Maps reveal that the Bureau of Reclamation and Fish and Wildlife Service have very different views on water use that have long made it difficult for the agencies to work together.
Many Klamath Basin farmers are drilling wells to supplement their water supply, but more wells may only exacerbate the water shortage by depleting the aquifer.
In the Klamath River Basin on the Oregon-California border, farmers, Indians, wildlife refuges and now three endangered fish are fighting over scant water in a dry year, and some say the Endangered Species Act only makes the situation worse.
The EPA has taken Idaho rancher John Simpson to court for clearing debris and beaver dams out of a channel of the Salmon River, although endangered salmon have since spawned in the channel, complicating the issue.
More than 7,000 gallons of diesel fuel accidentally dumped in a water-quality monitoring well at Copper Mountain ski resort, Colo., have yet to be found.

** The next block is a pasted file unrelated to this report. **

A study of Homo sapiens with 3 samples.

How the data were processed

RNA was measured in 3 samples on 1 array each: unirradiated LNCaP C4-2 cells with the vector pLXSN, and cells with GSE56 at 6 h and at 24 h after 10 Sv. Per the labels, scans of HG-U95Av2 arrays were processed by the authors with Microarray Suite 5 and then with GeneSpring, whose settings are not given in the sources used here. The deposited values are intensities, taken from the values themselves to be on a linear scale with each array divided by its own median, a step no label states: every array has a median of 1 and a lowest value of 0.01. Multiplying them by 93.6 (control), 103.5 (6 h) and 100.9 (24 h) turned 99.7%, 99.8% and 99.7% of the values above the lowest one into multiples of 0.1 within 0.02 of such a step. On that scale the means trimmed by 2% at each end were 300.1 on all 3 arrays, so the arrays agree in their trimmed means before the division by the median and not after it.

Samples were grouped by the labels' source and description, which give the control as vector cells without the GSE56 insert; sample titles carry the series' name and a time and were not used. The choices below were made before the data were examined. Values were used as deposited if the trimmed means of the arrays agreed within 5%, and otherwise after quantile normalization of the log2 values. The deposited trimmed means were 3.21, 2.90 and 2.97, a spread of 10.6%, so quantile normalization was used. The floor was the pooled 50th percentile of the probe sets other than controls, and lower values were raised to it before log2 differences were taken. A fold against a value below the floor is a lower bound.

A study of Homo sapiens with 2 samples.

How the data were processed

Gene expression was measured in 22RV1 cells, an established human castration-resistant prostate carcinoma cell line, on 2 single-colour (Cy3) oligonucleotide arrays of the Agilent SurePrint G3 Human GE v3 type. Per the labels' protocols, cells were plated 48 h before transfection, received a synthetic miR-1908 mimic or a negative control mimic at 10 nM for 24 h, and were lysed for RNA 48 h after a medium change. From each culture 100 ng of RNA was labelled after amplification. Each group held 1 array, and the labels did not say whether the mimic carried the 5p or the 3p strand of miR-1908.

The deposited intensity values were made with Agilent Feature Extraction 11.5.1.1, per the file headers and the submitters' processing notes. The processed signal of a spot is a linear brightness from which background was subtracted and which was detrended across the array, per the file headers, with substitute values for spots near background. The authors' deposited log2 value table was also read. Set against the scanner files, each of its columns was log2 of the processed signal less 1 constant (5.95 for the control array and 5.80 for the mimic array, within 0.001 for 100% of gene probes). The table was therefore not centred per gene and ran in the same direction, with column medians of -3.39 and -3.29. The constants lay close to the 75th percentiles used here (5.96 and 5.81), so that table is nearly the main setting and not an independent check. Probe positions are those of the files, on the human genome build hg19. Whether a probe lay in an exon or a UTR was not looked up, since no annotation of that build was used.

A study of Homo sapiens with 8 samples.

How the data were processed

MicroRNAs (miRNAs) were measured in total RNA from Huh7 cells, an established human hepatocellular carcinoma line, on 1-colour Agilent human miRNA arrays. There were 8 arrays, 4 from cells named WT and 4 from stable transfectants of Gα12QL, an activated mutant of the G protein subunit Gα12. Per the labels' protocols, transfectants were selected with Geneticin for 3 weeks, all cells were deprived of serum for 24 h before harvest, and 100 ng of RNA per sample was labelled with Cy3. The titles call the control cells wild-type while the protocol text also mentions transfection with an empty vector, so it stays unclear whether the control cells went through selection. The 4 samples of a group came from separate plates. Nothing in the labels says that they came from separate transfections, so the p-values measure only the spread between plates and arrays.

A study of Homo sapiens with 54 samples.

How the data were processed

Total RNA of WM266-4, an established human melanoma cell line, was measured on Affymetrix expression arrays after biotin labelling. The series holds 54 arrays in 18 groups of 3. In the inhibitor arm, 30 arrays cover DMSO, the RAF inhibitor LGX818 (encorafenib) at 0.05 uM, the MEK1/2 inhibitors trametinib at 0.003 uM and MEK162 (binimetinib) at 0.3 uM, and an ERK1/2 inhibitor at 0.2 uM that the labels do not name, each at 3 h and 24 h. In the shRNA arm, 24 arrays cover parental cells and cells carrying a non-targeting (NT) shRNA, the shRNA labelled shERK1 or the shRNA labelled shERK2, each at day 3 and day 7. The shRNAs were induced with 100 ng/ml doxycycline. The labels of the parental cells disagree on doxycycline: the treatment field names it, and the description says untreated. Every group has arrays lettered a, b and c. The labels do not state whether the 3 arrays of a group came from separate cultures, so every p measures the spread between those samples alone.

The Coeur d'Alene Tribe and the State of Idaho are fighting in the Supreme Court over Lake Coeur d'Alene, with the tribe claiming partial ownership of the lake under a 19th century treaty.
The Metropolitan Water District's plan to tap aquifers at Cadiz, Calif., for Los Angeles could harm the fragile groundwater system that sustains the desert, including the Mojave National Preserve.
Under the Clean Water Act, aquatic pesticides can no longer be used in public waterways without a federal permit.
Under the "4.4 Plan," California will begin a water diet, designed to reduce the state's use of Colorado River water over the next 15 years to the 4.4 million acre-feet it has long been allocated, but always exceeded.